Wednesday, June 9, 2010

Being a Baseball Player is Dangerous Too

As discussed yesterday, being a fan is dangerous, but is it as dangerous to be a player?

I had always heard that Major League Baseball had only had one on-field fatality, but according to the internet that number is actually two, if you count Doc Powers. I'm not sure why you wouldn't count Doc Powers except that it took him two weeks to die of internal injuries suffered from crashing into a wall chasing a pop-foul. He was a member of the American League's New York Highlanders (now the Yankees), and the ill-fated injury happened on April 12, 1909 in a game against the Athletics in Philadelphia's Shibe Park.

Truth be told, after several intestinal surgeries to attempt to repair the injury, he died of "peritonitis arising from post-surgery infections". But if "the doctors killed him" defense didn't work for Charles Guiteau, it doesn't get MLB off the hook either.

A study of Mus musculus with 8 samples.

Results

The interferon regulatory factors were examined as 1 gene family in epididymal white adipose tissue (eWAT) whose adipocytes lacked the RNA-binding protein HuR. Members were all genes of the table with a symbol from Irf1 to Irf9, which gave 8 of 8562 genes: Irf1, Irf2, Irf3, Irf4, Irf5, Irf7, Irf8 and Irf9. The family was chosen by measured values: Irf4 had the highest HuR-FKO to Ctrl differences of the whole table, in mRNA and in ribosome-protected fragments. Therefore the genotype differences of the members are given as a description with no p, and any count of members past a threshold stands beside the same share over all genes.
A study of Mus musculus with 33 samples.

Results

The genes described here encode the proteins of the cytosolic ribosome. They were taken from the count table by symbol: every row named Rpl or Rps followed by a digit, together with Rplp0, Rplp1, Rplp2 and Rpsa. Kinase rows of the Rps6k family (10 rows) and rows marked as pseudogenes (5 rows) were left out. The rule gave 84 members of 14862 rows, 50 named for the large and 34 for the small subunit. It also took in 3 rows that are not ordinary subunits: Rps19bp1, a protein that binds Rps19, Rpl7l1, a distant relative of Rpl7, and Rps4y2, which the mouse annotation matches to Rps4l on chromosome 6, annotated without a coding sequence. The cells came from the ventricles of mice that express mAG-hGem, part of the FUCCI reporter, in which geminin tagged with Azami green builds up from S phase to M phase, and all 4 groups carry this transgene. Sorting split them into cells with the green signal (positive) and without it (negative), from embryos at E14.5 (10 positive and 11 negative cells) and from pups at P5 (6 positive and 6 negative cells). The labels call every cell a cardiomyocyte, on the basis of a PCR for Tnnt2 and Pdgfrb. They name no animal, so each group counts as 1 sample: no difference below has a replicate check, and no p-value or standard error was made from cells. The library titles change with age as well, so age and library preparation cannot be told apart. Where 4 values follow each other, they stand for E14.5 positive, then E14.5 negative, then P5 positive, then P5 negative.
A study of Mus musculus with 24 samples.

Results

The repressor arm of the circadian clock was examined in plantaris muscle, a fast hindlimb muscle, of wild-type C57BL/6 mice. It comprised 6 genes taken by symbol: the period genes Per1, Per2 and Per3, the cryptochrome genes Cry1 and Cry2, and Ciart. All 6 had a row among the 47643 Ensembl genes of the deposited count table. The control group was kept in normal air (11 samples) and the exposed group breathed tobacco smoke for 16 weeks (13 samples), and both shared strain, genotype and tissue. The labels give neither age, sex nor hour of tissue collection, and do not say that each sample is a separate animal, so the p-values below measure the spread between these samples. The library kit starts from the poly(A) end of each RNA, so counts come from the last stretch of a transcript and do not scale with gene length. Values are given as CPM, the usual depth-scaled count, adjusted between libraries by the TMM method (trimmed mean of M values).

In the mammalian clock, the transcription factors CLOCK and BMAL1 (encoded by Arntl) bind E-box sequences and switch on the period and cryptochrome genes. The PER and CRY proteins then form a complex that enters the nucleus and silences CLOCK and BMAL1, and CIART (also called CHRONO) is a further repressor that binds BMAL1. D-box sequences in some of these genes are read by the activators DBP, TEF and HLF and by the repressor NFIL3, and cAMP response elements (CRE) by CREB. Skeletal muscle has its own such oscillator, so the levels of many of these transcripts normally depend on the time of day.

The second (and often referred to as "the only") Major League Baseball in-game death was of course Ray Chapman. On August 16, 1920, while playing for the Cleveland Indians, Chapman was hit in the head by a pitch from New York Yankees' hurler Carl Mays. (Apparently death follows the Yankees.) He died 12 hours later at the hospital.

Chapman had made no attempt to get out of the way of the pitch, leading some to believe he never saw it because it was scuffed up and it was twilight. It made such a loud sound hitting his head, that Mays believed Chapman had hit the ball, fielded it as it bounced towards him, and threw it to first. Chapman was also notorious for crowding the plate and Mays known for not being afraid to pitch inside. (I'd swear I read somewhere the umpire said "If it hadn't hit him, it would have been a strike", but I can't find a source to back that up.) It all proved a deadly combination.

The spitball, which was already being phased out of the game, would be eliminated all together after that season (save for a few pitchers who were grandfathered in), as was the practice of dirtying up new balls when put into play. It would be another 25 years before batting helmets were mandatory.